So I have a new therapist and I love her. Which means that there are about to be a lot of posts about personal insights coming your direction, because it’s been literally years since I’ve had a therapist who is pushy enough to get me to talk and insightful enough to make suggestions I haven’t heard before. And let me tell you she dropped some insight on me yesterday and it’s only our third session and I was not ready for her to pick up on my needs so dang quickly. This is your regular reminder to get you a therapist that feels right to you, because I have struggled through about five therapists who weren’t right and got nothing, and in 3 hours this lady has done more for me than any of them.
But today we’re not going to be talking about therapists and how awesome they can be. Today we’re going to talk about an element of sensory needs that is so rarely discussed that I work at the autism society and I flipping forgot about it: when you need more sensory energy instead of less. To clarify: I’m not talking about needing more sensory input vs. less sensory input. I’m talking about which direction the input takes your nervous system.
This can be a confusing distinction, so let’s take a couple of steps backward and see if we can work from there. When humans are faced with conflict, our nervous system activates: we hit fight or flight. But some of us have a freeze tendency. We leave our bodies, we dissociate, our energy and adrenaline seem to disappear. On an everyday basis it’s always useful to be balanced between that high energy reactivity which you may need because it activates you to go and do, vs. the calm that keeps you from getting overwhelmed and overstimulated.
We often think about sensory input as a way to bring people down: are you having a meltdown? You may need different sensory input. Are you running and screaming and have too much energy? Maybe you need some deep pressure. We think of the senses as a way to calm people down because it’s much easier to see if someone is dysregulated when they’re highly energized and all over the place.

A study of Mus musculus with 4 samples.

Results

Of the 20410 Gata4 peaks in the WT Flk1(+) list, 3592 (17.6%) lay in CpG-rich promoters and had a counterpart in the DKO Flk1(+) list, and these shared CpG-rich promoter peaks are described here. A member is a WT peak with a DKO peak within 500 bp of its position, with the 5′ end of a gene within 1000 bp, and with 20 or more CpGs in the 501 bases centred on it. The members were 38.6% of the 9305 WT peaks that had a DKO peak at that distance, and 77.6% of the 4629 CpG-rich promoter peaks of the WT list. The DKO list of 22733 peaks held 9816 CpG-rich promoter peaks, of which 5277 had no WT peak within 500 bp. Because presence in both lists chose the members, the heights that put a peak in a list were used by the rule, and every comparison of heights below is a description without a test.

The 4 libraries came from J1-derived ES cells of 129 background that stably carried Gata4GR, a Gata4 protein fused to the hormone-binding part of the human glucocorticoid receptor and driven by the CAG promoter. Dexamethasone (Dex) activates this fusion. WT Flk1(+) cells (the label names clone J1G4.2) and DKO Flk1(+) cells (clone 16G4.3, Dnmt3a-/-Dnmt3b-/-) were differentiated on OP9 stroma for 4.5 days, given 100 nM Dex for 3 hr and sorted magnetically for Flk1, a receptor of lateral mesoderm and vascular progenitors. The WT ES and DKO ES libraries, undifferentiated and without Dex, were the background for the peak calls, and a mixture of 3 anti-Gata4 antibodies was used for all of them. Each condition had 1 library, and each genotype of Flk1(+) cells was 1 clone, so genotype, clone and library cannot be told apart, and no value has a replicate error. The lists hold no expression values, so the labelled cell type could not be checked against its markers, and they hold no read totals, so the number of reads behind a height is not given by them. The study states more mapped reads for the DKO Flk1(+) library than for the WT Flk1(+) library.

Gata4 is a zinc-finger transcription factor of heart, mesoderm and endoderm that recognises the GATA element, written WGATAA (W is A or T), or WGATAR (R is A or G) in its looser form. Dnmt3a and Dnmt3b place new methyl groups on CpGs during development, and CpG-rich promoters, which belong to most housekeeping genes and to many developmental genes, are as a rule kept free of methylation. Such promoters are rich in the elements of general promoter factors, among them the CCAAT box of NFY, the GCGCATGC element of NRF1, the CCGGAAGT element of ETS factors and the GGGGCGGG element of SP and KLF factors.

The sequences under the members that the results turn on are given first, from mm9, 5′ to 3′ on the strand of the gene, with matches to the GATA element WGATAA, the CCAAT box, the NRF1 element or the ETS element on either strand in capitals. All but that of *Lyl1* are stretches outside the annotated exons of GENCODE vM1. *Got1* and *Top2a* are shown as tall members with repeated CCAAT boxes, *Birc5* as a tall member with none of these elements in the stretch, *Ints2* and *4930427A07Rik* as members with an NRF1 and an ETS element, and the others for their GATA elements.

But sensory input can go the other direction too. It can also bring someone’s energy levels up. The example that we were talking about was my average workday. Therapist asked what I do for self care at work (and I laughed), so we discussed where I tend to be on an anxiety level at work. I tend to be hugely disconnected from my body. I dissociate. I ignore my bodily needs. You know, the usual. What we realized was that I was getting really minimal sensory input of the type that makes my body feel good and capable: the proprioceptive, vestibular, spinny, pressure, bouncy goodness that keeps me awake and connected to my body.
It had literally never occurred to me before that I needed to be more activated at work, since we spend so much time thinking about reducing anxiety, staying calm, bringing our emotions down, etc. But here we were, talking about ways to hype me up. Get that nervous system flaring and energized. It was wild but made so much sense, as my responses always tend towards shutdown rather than meltdown, fatigue rather than insomnia, just falling asleep instead of facing my problems. When I do hit high anxiety or high activation, I know how to respond: I know the breathing techniques, I know the mindfulness, I know the sensory input that helps to calm me down.
What I DIDN’T know was what wakes me up and gets me excited. I didn’t even know that I needed to think about that. I think that this is one of the downfalls of focusing our discussions of autism and sensory processing disorder almost exclusively on children. Kids tend to have more energy than your average adult. It’s rare that I hear discussions of sensory supports that talks about people who fall asleep at the drop of a hat, or people who won’t get out of their chair or move. Those are the folks whose nervous systems are down down down. And I’ve noticed that the older people get, the more likely they are to deal with the fatigue, low energy, no activation style of sensory processing.
In order to deal with the fatigue and low energy, we’ve decided that I need to introduce sensory breaks into my day to get up and walk around, as well as start using a yoga ball for seating at least some of the time (so I can do a bit of the bouncy input).
I think it’s incredibly common that issues like sensory processing disorders get pigeonholed as one thing, and the people who fall on the reverse side get a bit boned. I’m always excited when a therapist points out the quieter side of a spectrum and reminds me to notice those needs.